Jan. 3 (Bloomberg) -- Contract disputes in cotton, last year’s second worst-performing commodity, surged to a record in 2012 while settlements quadrupled to almost 407 million pounds ($658 million), the International Cotton Association said.
A record 247 applications for technical arbitrations were received last year, up from the previous high at 242 in 2011, the Liverpool, England-based ICA said in a statement today. In the past two years, arbitration requests have increased to five times their normal annual average as market volatility spurred more traders to default on contracts, the ICA said.
Cotton futures tumbled 18 percent last year on ICE Futures U.S. in New York, with only coffee performing worse among the Standard & Poor’s GSCI Index of 24 raw materials. In June, the most-active cotton contract slumped to 64.61 cents a pound, the lowest since October 2009, and down 71 percent from a record $2.197 a pound achieved in March 2011. World production may outstrip demand for a fourth consecutive year in 2013-14, according to Rabobank International estimates.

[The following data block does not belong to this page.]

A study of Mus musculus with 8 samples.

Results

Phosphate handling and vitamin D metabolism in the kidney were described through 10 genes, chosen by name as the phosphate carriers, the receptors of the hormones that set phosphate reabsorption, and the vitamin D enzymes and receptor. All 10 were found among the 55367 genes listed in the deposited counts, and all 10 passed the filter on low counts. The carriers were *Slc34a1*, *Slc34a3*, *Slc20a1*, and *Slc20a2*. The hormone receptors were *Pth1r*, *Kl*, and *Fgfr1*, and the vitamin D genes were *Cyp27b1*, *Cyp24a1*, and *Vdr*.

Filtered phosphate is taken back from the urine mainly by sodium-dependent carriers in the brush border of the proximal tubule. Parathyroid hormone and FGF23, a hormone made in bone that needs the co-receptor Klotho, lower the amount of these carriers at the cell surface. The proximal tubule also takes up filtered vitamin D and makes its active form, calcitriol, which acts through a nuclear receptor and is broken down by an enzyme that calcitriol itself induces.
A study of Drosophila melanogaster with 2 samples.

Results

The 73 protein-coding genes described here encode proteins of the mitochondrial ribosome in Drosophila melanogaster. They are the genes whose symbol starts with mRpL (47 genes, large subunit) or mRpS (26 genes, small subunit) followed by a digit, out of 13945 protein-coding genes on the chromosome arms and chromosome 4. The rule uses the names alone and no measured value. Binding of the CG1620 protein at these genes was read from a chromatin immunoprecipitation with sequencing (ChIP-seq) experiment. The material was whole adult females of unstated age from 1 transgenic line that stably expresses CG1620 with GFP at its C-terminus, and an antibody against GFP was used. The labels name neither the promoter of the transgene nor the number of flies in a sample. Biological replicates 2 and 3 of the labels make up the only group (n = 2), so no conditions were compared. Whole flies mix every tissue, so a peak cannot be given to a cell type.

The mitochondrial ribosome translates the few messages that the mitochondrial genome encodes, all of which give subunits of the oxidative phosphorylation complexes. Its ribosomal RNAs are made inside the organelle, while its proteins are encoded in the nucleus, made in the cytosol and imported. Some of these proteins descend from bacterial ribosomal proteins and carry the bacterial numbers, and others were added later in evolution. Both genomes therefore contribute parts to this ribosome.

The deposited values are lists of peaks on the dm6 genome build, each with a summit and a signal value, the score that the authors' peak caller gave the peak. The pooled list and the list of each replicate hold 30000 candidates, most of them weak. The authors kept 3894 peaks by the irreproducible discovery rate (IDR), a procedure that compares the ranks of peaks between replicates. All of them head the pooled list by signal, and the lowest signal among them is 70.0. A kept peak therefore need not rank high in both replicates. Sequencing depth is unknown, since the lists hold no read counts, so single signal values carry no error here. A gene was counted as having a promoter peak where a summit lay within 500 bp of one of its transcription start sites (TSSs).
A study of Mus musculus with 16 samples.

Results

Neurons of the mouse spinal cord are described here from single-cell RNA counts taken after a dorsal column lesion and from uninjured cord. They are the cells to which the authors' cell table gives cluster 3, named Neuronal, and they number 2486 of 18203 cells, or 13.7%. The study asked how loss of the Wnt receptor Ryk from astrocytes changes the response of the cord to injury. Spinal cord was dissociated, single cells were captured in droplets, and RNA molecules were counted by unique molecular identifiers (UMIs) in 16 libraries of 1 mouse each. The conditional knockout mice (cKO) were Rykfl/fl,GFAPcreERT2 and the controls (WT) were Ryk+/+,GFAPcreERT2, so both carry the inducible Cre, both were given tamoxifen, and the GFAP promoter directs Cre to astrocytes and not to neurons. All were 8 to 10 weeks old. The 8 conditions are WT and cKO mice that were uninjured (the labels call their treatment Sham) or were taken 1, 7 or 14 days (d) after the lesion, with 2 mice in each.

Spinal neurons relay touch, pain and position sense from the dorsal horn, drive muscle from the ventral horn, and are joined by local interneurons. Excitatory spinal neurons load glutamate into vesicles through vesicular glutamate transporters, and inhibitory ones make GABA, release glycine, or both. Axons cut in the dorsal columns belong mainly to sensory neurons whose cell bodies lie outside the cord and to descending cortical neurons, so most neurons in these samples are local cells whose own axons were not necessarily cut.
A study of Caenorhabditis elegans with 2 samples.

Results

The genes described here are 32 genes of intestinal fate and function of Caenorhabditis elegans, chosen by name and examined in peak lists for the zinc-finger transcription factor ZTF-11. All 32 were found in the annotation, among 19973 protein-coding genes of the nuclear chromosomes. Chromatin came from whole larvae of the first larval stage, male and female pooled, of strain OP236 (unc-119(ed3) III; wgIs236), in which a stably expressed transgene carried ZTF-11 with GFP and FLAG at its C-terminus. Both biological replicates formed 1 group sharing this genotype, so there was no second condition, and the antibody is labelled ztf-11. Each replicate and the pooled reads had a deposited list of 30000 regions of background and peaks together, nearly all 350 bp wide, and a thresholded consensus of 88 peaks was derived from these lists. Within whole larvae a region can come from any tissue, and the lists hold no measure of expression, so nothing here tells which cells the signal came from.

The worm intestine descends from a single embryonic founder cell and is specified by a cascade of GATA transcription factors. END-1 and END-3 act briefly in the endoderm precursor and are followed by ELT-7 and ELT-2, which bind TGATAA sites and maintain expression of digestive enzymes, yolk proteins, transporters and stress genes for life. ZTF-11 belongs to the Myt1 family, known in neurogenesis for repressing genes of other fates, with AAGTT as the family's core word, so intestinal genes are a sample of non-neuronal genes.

“As we move into the first quarter, the pace does not seem to be slowing down” for arbitration filings, ICA President Ahmed Elbosaty said in the statement. ICA is looking at ways to reduce the time and costs taken for cases, he said.
In 2012, 226 cases were settled with awards climbing to 406.77 million pounds, ICA Managing Director Kai Hughes said in an e-mailed response to Bloomberg questions. In 2011, there were 99 awards with a total value of 89.47 million pounds. Arbitration activity has increased in Bangladesh, Vietnam and China, he said.
Terry Townsend, executive director of the Washington-based International Cotton Advisory Committee, estimated in August that cotton traders may break $600 million in contracts during 2012, or 5 percent of the fiber traded globally.
Cotton futures for March delivery climbed 0.2 percent to 75.49 cents a pound at 9:59 a.m. on ICE Futures in New York. Rabobank expects prices to average 70 cents a pound in the first half of this year, according to its annual outlook report published Nov. 28.